Ray ‘Boom Boom’ Mancini really was ‘Born to Box’


Mancini’s father, the late Lenny “Boom Boom” Mancini, boxed professionally from 1937 to 1947, compiling a 46-12-3 (16 KOs) pro record. Lenny was the No. 1 ranked lightweight in the world in 1941 and considered a future world champion. However, his dream was sadly shattered when he was wounded during World War II. He returned to boxing after being discharged, but his physical issues due to the wound prevented him from fulfilling his once vast potential.

His son, Ray, took the mantle and ran with it to fame, glory and notoriety as a world champion. He started boxing young and had his first fight when he was 15 at the Junior Olympics in Cleveland. Ray had thought that he would have to wait until he turned 16, because that was the minimum age to compete in the Golden Gloves.

“When I heard that I could enter (the Junior Olympics),” Mancini remembered, “I pressured my father to let me go (to Cleveland). A very close family friend was training some guys in the next town over from us and he was taking some fighters to the Junior Olympics. He said he’d take me there. I won by first fight by first-round knockout and I wound up winning the regional title. I went on to the Mid-West Regional in Detroit and fought a local kid, Sammy Fuentes, to go to the Nationals. He beat me by decision, but I gained my first real lesson about boxing and life: experience is everything. It was my sixth amateur fight and I was told that Fuentes had more than 200. It did not deter me, in fact, it made me hungrier to succeed.”

Succeed he did, despite his aggressive style that best suited the professional ranks much more than amateurs. He won 43 of 50 amateur matches, capturing top honors in the 1977 Youngstown Golden Gloves and Northeastern Ohio Golden Gloves. He also won the Northeast Ohio AAU Championship and reached the quarterfinals of the 1978 National AAU Tournament.

“I lost a close decision in the semifinals of the 1978 National Golden Gloves to two-time U.S. Olympian Davey Armstrong,” Mancini said. “I lost a decision to Anthony Fletcher in the quarterfinals of the 1978 National AAU Championships and once again in the championship final of the Ohio State Fair. In my last amateur fight, I lost a bad decision to defending National Champion Melvin Paul at the 1979 National Golden Gloves Tournament. (After that) I knew I wasn’t going to have another amateur fight and was going to turn pro.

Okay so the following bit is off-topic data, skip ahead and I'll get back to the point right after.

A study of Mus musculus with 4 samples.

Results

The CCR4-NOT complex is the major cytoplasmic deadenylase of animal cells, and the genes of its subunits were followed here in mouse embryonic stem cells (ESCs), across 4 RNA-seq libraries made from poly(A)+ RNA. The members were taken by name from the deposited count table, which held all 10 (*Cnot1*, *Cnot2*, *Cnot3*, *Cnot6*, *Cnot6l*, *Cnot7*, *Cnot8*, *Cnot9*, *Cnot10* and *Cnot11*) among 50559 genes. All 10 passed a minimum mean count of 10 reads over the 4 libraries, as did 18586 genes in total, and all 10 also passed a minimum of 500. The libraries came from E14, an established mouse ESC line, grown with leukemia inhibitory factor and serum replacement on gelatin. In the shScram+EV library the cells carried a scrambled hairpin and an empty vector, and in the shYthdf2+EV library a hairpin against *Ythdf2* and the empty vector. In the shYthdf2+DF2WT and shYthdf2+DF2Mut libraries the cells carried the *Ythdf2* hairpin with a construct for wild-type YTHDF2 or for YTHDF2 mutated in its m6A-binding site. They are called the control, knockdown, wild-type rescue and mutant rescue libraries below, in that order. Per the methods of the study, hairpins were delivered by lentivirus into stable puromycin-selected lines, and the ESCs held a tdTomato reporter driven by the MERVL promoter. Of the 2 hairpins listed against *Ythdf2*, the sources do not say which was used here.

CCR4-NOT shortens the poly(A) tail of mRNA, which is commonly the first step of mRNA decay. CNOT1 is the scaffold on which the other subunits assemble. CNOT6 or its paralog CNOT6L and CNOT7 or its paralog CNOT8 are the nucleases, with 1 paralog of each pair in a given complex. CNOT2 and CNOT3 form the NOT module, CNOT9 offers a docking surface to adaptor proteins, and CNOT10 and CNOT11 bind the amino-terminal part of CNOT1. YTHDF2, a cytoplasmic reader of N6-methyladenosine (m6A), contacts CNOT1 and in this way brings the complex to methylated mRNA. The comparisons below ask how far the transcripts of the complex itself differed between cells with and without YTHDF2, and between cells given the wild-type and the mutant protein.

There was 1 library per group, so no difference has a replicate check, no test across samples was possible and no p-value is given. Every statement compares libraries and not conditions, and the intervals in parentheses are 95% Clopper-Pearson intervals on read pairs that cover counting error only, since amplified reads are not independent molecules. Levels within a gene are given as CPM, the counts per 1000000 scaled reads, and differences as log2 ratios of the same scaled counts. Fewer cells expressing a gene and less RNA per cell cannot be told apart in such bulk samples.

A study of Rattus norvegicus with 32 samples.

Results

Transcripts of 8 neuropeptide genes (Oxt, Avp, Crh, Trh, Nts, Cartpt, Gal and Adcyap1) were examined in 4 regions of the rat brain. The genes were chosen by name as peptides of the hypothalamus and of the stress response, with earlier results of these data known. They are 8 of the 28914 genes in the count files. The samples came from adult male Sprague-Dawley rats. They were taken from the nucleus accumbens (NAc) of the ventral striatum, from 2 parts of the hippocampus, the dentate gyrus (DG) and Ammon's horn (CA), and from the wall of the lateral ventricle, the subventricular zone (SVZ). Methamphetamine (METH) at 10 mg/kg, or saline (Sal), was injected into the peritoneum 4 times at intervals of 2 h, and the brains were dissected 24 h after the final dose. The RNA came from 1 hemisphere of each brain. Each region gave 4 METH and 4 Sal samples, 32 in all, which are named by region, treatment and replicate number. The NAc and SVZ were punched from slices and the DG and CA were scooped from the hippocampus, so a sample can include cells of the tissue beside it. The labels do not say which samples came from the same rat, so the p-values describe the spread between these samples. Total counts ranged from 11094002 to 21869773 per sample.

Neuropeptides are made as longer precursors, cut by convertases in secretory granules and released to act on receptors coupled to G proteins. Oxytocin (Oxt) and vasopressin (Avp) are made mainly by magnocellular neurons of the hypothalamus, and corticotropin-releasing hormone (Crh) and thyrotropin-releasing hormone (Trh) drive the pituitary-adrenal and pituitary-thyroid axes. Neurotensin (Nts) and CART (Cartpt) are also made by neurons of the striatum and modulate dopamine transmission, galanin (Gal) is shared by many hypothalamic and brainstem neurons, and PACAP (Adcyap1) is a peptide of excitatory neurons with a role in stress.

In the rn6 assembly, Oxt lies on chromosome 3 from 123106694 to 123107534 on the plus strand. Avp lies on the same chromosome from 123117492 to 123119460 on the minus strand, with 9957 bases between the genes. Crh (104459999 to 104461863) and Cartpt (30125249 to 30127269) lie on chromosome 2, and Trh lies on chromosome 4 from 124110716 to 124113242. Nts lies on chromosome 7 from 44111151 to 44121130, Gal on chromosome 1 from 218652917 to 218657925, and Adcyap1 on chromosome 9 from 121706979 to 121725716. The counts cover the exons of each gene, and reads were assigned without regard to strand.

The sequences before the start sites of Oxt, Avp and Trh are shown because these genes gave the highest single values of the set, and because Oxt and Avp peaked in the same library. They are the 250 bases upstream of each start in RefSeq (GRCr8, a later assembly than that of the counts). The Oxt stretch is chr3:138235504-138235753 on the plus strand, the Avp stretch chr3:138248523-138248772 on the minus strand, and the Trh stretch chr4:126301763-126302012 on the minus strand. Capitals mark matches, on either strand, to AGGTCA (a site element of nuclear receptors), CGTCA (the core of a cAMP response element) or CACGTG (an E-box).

“I had more of a pro style when I fought in the amateurs. Three rounds didn’t benefit me. I never had a four-round fight (as a pro). I started with six-rounders because, for my style, a three-round amateur or a four-round pro fight were pretty much the same for me. Six-rounders were more beneficial to me and that was proven right away.

“I knew I wouldn’t win any of the major amateur championships because of my style. Along the way, though, I beat some pretty good amateurs: Darryl Chambers, Memo Arreola, Tim Christianson and Mark Chieverini. My amateur career just made me even more hungry to win a World title as a pro.”

His seek and destroy style made him an instant favorite as a professional. “I had to be aggressive, as a fighter or on the playing field when I played other sports, because of my natural instincts,” Mancini explained. “I couldn’t sit back and wait for things to happen; I had to try and make things happen. I follow that thinking in my business life as well, but much like the fight game, you have to known when to attack and when to sit back and counter.”

Mancini, who some called a little Rocky Marciano because of the way he fought, turned pro October 18, 1979 in Struthers, Ohio, stopping Phil Bowen in the opening round. Ray fought 15 times in his first year as a pro and extended his winning streak to 19, before he challenged World Boxing Council (WBC) lightweight World champion Alexis Arguello (67-5), who won by way of a 14-round technical knockout, in a fight that was dead even after 10 rounds. After the match, then future Hall of Famer Arguello was quoted as saying: “I think my heart is special, but his (Mancini) is bigger than I have. Someday he will be champion.”

Only seven months and three fights later, Mancini captured the World Boxing Association (WBA) lightweight World title way of a sensational first-round knockout of defending champion Arturo Frias (24-1). Ray dedicated that fight to his father, who was unable to become world champion, due to the wounds he suffered in World War II.

Mancini finished his pro career with a 29-5 (23 KOs), which included victories against world champions Bobby Chacon (523-5-1), Ernesto Espana (35-4), Frias and Jose Luis Ramirez (71-3), and all five of his losses were to world champions – Arguello, Hector Camacho, Greg Haughen and Livingstone Bramble (twice).

“Ray ‘Boom Boom’ Mancini demonstrated the heart of a champion throughout his career,” said Chris Cugliari, USA Boxing Alumni Director. “Even though his in-ring success is primarily discussed at the professional level, the hunger to learn and grow as an amateur is something that inspires today’s USA Boxing champions. He is another example of a USA Boxing alumnus who experienced tremendous success resulting from experiences and lessons from his amateur days.”

Mancini is proud of his roots in Youngstown, which also produced world pro boxing champions such as Harry Arroyo, Jeff Lampkin, Greg Richardson and Kelly Pavlik.

“Growing up in Youngstown helped me tremendously as a fighter,” Mancini talked about his hometown. “We all knew what a tough town it was and is and we knew the stories of all the fighters, amateur and pro, who had left a mark before us. Growing up there, football and boxing were the two sports everybody talked about. If you left a mark in either one, people still talked about you long after you’re playing, or fight days were over. So, to succeed in a town like Youngstown, was a tremendous accomplishment in itself.”